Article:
If you're not familiar with the subject, basically right now we have net neutrality. ISPs are essentially dumb pipes and they don't know or care if that data you just downloaded was in the form of historical documents from local university libraries, or an encyclopedic collection of Brazilian fecal fetish pornography. The Internet today is the wonderful, endlessly fascinating place it is in large part due to the fact that it's been free and open its entire life.
ISP's want to change that, mainly because different applications use massively different resources. There's no comparing the stress that downloading HD movies puts on their network versus, say, reading a Cracked article's worth of text. So they want to change their infrastructure and how they bill you for it.
Cracked subscription cost: A "fat wad o' cash."
The problem is this also would let them slap on all sorts of controls they never could before, such as blocking competing websites, or signing exclusive deals for content. After all, Comcast both provides Internet access to millions and owns NBC, so taking away net neutrality could let them block competing networks and that could turn ugly fast. It's thus no surprise that a variety of semi-respected sources, including the chief of the FCC, are standing up for net neutrality.
Phew! The Chairman of the FCC! We're safe, right?
The carriers continue to push against net neutrality. Its future is hardly secure, as mobile carriers AND ISPs have ample motivation. Google, patron saint of the "free information" movement, has even dipped its toes in anti-neutrality waters. They approached "major cable and phone companies" with a proposal to give Google content a "fast lane" of its own.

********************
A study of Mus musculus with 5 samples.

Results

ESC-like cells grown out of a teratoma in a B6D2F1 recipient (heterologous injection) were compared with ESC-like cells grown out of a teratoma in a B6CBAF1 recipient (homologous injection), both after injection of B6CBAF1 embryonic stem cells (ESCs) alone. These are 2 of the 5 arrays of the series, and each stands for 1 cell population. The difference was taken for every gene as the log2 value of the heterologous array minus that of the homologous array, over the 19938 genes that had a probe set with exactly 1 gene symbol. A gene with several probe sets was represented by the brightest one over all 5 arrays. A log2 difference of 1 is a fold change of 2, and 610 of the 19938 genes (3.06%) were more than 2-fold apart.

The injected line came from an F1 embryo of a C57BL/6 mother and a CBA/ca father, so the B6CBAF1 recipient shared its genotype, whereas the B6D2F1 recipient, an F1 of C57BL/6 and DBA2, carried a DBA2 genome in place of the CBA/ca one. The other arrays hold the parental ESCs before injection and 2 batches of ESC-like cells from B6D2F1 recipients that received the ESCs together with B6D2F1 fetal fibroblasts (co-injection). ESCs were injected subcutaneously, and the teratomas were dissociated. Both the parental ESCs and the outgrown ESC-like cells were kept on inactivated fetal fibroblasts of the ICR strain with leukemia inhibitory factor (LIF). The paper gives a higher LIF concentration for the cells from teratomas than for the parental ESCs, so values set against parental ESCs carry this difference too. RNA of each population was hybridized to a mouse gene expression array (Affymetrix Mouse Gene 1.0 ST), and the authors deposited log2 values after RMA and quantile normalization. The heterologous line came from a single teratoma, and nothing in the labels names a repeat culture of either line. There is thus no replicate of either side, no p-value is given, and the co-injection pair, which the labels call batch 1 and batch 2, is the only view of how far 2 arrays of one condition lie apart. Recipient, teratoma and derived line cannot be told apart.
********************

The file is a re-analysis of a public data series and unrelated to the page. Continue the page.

Cause, you know. Google needs the exposure.
Major corporations and political entities getting bandwidth preference over small, independent sites and individuals is exactly what net neutrality advocates fear the most.
So What Can We Do?
Well, this is where it gets complicated.
The ISPs aren't just being greedy here. Bandwidth costs a lot of fucking money and usage is growing at a retarded rate. For instance, most of the video game consoles now offer HD movie and TV show streaming, and soon they may give up physical media completely to stream all of the games you buy directly to the system (because it would kill off the used games market that they claim is eating all of their profits). Everybody is quickly replacing their faucets with fire hoses.
Just look at that bandwidth.
If net neutrality stays and the ISP's can't offer multiple tiers of service, then they say they will have to use an even more annoying solution: putting an end to unlimited plans completely and making you pay for every gigabyte of that Bittorrent download of every single episode of The Simpsons. And you won't be able to simply switch ISPs unless you find one run by some eccentric billionaire who feels like giving away his money for the good of the people.
Don't be a dick, Branson.
The problem is that what we want out of this situation--cheap, infinitely scalable bandwidth--is the one outcome we can't have. And while the other threats on this list can maybe be avoided, this is one that will end in the Internet being less free, you paying a lot more or a combination of both.
So enjoy what you have while you can, for these are The Good Old Days.